Five Favorite Paddle Trips in Oregon
Travis Williams is Executive Director of Willamette Riverkeeper. He knows the Willamette almost by heart, and has paddled many of Oregon’s other rivers, lakes, and estuaries.
John Day River
The allure of the John Day—one of America’s longest undimmed rivers—can be found in its solitude. With the sound of rushing water in the background, one might awake in their tent in early May to the sound of a colorful Bullock’s Oriole working the tops of the pine trees for food as the morning sun shines off of the basalt canyons. The John Day is prized by those seeking a multi-day river journey on one of Oregon’s Wild and Scenic Rivers.
Willamette River—Eugene to Corvallis
From Eugene to Corvallis (45 miles), the Willamette is a swift, ever-moving river. This section contains richly vegetated banks in places supporting towering black cottonwood trees, along with Oregon ash and Pacific willow—and an abundance of wildlife. There are many camp sites and access points, a legacy of the Willamette Greenway Program. They’re perfect for a summer overnight trip, with a good fire going in the fire pan, and the red sunset casting out over the rippling current.
Nestled deep in the Cascades, Waldo is one of the most pristine lakes in the United States, offering spectacular views of adjoining mountains. The essence of Waldo Lake is its quiet and clarity—when one paddles out from the forested shoreline on a sunny day, the shadow of your canoe can be seen on the light colored sand of the lake bottom, even through 50 feet of water (though Waldo is over 400 feet deep in places). On a clear night, due in part to the altitude of the Lake, the radiance and clarity of the stars is simply amazing.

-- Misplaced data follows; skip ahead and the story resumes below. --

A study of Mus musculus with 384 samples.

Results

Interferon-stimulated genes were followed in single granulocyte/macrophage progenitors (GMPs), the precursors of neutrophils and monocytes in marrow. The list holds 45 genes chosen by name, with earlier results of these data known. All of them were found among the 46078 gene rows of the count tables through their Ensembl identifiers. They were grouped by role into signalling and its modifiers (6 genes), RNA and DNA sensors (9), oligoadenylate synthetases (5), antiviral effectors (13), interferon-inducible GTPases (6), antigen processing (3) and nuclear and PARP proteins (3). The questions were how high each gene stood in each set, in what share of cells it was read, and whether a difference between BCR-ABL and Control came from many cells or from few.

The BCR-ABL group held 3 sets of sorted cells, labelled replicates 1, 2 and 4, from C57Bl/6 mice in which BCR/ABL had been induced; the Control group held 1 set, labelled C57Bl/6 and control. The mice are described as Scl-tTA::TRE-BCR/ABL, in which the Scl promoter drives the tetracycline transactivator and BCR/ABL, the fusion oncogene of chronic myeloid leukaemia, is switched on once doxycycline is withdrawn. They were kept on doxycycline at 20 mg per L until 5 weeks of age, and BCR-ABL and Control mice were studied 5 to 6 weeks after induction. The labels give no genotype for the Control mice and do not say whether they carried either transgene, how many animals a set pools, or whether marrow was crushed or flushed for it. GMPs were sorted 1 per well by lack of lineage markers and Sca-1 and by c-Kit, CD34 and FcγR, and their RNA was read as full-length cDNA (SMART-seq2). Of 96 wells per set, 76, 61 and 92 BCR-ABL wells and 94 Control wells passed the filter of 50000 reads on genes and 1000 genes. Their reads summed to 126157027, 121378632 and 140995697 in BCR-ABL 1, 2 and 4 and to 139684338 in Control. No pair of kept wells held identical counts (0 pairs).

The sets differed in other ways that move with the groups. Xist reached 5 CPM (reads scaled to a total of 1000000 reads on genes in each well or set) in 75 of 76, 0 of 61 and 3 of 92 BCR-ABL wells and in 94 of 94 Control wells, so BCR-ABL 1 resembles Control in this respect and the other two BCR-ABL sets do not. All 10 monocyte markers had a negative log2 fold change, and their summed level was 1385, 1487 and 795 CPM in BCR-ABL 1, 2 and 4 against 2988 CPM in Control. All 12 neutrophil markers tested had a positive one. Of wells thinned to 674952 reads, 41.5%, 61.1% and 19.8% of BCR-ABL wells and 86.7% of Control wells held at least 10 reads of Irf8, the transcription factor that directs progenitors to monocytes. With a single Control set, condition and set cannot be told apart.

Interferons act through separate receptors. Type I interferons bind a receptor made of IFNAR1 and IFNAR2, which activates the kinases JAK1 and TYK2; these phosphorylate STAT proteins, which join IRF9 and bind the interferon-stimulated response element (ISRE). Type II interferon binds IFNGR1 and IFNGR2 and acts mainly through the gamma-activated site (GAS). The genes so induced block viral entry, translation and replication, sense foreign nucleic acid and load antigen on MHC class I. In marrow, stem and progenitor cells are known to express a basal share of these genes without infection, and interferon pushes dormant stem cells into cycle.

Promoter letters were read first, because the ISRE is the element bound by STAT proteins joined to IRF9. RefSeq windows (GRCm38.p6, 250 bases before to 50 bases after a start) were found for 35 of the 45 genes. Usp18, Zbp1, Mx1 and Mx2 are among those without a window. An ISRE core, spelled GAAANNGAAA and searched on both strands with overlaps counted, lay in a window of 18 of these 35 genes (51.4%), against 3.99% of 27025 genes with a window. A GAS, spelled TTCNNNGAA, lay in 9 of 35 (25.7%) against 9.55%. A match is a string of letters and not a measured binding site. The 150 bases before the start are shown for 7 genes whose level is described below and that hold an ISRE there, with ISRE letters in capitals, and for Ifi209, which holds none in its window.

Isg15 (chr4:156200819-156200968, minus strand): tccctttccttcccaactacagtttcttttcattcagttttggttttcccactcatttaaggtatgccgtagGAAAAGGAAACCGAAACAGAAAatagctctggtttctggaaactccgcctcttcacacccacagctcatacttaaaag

The Siuslaw Estuary is replete with wildlife and provides an abundance of scenery. On a calm morning as the tide is coming in, one can paddle upstream from Old Town as water reclaims the mudflats, and great blue herons punctuate the shoreline. One can also take the reverse route as the tide goes out. This estuary is approachable for a range of paddlers with some experience, though as with any large water body, one must be cognizant of sometimes powerful tidal currents and wind driven waves.
Columbia River—Puget Island
For experienced open water paddlers, the trip around Puget Island in the Columbia River makes for a great day-long getaway. As you paddle, one’s mind can wander to the wonderful history found along this section of the Columbia; it’s not hard to imagine a large Chinook Canoe plying these waters 200 years ago. This section of the Columbia is very scenic, and a range of bird species can be seen, with the big open water framed by the tree and shrub-lined shorelines interspersed with sandy beaches.
For more information on paddling the glorious waterways of Oregon, please visit our Outdoor Recreation section.
Is any of the information on this page incorrect?